India Changes Banking Rules, May Attract New Lenders

The Indian parliament’s lower house approved changes to banking laws, raising a cap on voting rights and giving more regulatory power to the Reserve Bank of India in a move that may attract investment to the industry.

The limit on voting rights of shareholders in state-controlled lenders was increased to 10 percent from 1 percent, and in other lenders to 26 percent from 10 percent. The new law allows state-run banks to raise capital through rights offerings and free shares.

The additional powers for the banking regulator take it a step closer to issuing new bank licenses, part of a process that has been under way for more than two years. The higher limit on voting rights will boost investor interest in banks, Nitin Kumar, a Mumbai-based analyst at Quant Broking Pvt., said by telephone before the bill was passed.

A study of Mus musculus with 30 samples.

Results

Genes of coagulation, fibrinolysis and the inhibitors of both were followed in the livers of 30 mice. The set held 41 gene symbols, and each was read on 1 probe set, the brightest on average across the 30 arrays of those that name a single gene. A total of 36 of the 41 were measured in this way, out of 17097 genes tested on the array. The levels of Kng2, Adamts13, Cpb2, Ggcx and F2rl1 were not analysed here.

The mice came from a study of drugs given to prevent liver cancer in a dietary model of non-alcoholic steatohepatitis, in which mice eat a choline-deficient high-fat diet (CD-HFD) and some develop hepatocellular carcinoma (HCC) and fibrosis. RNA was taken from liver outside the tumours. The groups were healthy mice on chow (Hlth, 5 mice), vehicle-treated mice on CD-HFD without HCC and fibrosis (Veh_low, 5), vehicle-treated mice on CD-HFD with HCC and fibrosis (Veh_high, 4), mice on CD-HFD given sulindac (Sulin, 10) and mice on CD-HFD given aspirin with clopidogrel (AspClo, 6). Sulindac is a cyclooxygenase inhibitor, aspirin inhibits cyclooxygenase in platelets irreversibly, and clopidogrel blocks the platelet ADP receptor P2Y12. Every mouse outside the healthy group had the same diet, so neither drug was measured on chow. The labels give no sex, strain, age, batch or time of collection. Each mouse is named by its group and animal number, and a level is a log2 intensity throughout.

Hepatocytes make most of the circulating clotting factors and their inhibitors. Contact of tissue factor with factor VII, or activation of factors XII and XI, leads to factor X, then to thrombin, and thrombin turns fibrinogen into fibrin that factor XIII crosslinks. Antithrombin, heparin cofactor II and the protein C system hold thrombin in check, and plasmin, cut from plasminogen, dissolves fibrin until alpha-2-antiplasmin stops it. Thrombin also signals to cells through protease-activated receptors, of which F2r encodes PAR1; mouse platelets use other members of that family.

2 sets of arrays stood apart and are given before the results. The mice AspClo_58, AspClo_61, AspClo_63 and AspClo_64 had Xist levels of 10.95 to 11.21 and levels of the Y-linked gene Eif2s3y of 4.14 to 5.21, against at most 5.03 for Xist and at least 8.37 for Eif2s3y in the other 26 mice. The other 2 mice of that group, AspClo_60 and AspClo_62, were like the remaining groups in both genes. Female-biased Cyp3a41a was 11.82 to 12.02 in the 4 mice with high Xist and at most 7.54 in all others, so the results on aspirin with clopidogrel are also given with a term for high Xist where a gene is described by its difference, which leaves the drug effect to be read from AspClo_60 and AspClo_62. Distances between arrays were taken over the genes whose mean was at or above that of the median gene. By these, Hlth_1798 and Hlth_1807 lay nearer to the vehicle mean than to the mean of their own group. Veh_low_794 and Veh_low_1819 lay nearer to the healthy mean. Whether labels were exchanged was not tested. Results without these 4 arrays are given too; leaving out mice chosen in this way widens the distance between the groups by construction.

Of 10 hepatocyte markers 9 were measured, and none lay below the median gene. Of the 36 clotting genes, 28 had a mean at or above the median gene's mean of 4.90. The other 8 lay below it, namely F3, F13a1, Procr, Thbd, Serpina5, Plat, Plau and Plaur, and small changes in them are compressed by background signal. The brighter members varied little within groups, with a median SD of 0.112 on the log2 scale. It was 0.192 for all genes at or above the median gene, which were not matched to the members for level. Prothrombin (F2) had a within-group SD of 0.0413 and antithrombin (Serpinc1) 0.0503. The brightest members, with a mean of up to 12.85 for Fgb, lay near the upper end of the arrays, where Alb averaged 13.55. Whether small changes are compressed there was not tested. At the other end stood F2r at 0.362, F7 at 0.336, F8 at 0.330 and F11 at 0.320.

“This is a sentiment booster,” said Kumar. “Private-sector banks including Yes Bank Ltd., ING Vysya Bank Ltd. and Kotak Mahindra Bank Ltd. stand to benefit most.” Flexibility for state-run banks in raising capital will be seen as positive by rating companies, he said.

The amended law will allow the Reserve Bank of India to take control of a bank and inspect the books of lenders’ associate enterprises. The final rules for new banking permits will be issued after the central bank has received the new regulatory powers, governor Duvvuri Subbarao said last month.

New entrants would compete with State Bank of India, the nation’s largest, and ICICI Bank Ltd., the biggest private lender.

India’s 26 state-run banks account for 76 percent of the nation’s outstanding loans as of March 31, according to the Reserve Bank of India. The 20 private domestic lenders had a 19 percent market share and 40 foreign lenders accounted for the remaining 5 percent.